As more companies invest in data and apply analytical insights, they start to demand better products and services from their vendors. Why should a business use one data service when another startup has launched a competing product with better features?
Additionally, as business leaders learn more about what their data can do, they challenge teams to build better systems to accomplish their goals. The result is that the “data-sphere” continues to evolve, with each year bringing new changes. Learn about five major changes in 2019 that are improving how we use data.
Analytical Insights Are Moving
From Reactive to Proactive
A common joke in finance suggests that “your forecast is wrong as soon as you complete it,” which speaks to the fickle nature of predictive insights. Many finance and data professionals will spend hours trying to map out the next quarter or the next year, only to have their forecast ruined by an unexpected event such as a natural disaster, bankruptcy, or acquisition. However, as analytics and data get smarter, our insights are getting better.
Predictive analytics can be used across all levels of an organization. This form of analytics can help a small marketing team anticipate demand or work to identify patterns in customer behavior. Brands that invest in these predictive insights can take steps to prepare for the future and may be more resilient in the face of controversy. These predictions are more valuable and forward-facing than traditional analytics, which were historically more reactive and reported on past events.
More Companies Are Investing in Machine Learning
Consider the statistic that 73% of all data is wasted within an organization. Today’s companies want data, but they don’t know what to do with it. Part of this conundrum has to do with resources. With so much data available, no single person can sift through it all, even with endless tools and systems with which to navigate through it.
Machine learning has stepped up in a big way to improve data analytics within organizations. A person can’t sort through volumes of data, but a robot can. Machine learning tools have become significantly more accessible over the past few years to the point where small businesses can use machine learning to accomplish their goals. The insights these bots glean make the data more valuable because less time and resources are wasted.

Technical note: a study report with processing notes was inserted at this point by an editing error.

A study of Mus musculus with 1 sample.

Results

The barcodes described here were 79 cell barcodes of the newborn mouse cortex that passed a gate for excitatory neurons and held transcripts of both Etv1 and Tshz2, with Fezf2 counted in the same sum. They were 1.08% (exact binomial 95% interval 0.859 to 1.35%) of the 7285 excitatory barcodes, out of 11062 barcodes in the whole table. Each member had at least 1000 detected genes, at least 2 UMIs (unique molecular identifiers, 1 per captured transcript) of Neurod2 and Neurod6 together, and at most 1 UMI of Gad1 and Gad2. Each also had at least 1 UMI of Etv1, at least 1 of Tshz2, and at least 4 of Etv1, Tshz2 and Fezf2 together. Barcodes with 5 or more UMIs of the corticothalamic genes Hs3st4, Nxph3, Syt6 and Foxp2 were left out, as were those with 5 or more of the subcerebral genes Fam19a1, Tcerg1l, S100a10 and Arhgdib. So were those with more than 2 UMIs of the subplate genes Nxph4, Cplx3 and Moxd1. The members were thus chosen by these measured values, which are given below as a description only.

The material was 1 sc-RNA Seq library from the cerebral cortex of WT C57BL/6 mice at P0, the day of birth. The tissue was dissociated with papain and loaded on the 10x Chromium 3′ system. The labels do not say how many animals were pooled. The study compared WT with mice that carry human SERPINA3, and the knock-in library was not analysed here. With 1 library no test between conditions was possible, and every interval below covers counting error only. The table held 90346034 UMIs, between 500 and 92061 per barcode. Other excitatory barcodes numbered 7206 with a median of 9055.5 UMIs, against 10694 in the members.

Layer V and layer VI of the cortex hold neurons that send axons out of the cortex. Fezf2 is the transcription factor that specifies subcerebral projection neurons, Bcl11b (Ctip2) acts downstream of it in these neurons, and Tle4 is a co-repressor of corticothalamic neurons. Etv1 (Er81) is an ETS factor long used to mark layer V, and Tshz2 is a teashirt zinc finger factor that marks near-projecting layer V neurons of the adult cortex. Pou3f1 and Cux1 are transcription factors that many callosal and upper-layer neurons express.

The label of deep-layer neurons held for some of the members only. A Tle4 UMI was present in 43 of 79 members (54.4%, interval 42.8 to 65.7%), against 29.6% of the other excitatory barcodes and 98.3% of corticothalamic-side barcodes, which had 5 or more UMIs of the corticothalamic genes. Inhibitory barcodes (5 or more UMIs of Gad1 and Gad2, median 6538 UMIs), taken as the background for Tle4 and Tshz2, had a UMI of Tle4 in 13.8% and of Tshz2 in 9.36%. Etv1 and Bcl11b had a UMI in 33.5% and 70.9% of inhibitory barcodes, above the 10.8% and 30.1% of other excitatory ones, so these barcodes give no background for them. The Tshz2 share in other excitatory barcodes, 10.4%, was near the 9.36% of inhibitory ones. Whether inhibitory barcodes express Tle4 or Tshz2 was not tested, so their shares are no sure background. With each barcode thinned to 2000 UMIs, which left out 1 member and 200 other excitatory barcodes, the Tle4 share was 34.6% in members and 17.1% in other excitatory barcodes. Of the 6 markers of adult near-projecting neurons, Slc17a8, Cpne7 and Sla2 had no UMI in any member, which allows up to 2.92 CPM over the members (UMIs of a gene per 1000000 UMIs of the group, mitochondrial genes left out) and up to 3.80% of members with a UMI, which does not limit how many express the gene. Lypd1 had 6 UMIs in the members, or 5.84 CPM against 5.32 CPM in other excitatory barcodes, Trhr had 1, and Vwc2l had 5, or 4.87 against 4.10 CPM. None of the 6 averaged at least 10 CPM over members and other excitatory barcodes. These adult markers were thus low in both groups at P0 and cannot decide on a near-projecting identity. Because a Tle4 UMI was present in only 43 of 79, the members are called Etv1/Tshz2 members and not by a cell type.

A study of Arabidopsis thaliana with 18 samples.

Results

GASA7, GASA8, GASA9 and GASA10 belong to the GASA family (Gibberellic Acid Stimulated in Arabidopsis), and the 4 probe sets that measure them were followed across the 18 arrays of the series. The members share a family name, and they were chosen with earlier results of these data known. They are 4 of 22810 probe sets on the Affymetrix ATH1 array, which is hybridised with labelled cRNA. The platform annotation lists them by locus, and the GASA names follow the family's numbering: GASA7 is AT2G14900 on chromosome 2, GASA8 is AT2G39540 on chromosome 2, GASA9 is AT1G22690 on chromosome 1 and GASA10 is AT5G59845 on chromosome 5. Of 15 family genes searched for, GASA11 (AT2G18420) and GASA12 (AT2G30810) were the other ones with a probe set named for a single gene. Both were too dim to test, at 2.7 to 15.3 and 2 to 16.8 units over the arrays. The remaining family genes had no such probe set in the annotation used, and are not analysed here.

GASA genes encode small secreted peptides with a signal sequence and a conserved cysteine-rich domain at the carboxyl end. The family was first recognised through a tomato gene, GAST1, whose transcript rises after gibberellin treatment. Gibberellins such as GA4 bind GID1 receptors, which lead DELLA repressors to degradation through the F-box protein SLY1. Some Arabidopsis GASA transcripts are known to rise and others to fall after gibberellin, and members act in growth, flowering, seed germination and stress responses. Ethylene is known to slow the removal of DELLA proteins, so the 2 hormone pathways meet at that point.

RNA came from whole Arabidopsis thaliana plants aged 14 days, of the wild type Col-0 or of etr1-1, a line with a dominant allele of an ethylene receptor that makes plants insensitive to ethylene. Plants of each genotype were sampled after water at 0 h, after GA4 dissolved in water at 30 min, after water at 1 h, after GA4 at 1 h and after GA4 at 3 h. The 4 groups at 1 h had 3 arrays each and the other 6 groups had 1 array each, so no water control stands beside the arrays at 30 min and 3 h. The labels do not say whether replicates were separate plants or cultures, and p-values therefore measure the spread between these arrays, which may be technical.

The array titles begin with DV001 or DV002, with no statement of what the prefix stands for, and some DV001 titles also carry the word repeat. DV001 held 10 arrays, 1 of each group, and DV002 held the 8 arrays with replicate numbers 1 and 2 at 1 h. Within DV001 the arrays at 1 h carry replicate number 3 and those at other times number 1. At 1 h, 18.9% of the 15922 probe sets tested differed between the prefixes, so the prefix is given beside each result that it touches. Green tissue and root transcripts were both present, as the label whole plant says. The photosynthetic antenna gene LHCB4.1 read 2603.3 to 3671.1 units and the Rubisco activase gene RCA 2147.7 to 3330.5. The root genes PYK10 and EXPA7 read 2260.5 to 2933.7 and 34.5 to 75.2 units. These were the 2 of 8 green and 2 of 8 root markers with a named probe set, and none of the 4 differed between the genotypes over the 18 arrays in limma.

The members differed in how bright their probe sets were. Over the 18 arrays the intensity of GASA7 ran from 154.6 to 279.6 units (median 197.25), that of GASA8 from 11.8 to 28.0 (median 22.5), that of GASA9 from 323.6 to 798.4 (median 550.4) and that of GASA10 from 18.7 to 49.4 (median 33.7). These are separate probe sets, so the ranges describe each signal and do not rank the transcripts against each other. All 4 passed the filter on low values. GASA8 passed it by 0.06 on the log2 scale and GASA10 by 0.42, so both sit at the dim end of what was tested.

Brands Are Creating Connected Views of Their Data
As data systems mature, brands are improving their connectivity to obtain better insights. Instead of checking analytics from multiple sources and trying to connect the dots, business intelligence is working to connect the data sources into one simplified source.
At its minimum, this unified source allows everyone to operate on the same page with the same information. This cohesiveness improves collaboration and keeps employees focused on a few single priorities. However, unified insights that combine data give companies the information they need to create better decisions. Better decisions lead to improved performance and increased revenue.
Companies Are Moving Beyond Their Initial Legacy Systems
We are starting to see the next generation of technology investment. At first, companies were investing in tech because they wanted to stay relevant. Now, many of these first systems are outdated and unusable. This reality is leading brands to improve their data and insights through better tech by replacing clunky legacy systems with new tools.
For example, a financial services provider can better work with clients through a system such as Forex trading. Modern analytical insights paint a clearer picture of the risks and return on investment. Forex is a replacement from initial technology investment into digital trading and an upgrade now that firms know exactly what they want with their financial services.
The Demand for Business Analysts Continues to Grow
In the early days of data, analytics management was the responsibility of anyone who needed an answer from data. Many accounting or marketing professionals worked to understand data management on their own and lobbied senior leadership to allocate resources to analytics improvement. However, as the value in data insight grows, more companies are creating separate roles — and separate departments — for analytics.
For example, the U.S. Bureau of Labor Statistics has estimated that the job growth for management analysts will grow faster than average over the next decade. A 14% growth rate will lead to approximately 118,300 new jobs and a median salary of $83,000. Data analysts are standing on their own within organizations and proving their value with each new insight and suggested action.
Many companies have so much data that they don’t know what to do with what they have. As more brands invest in data management and analytics, this field will continue to grow, and more tools will enter the market to help brands thrive with their data.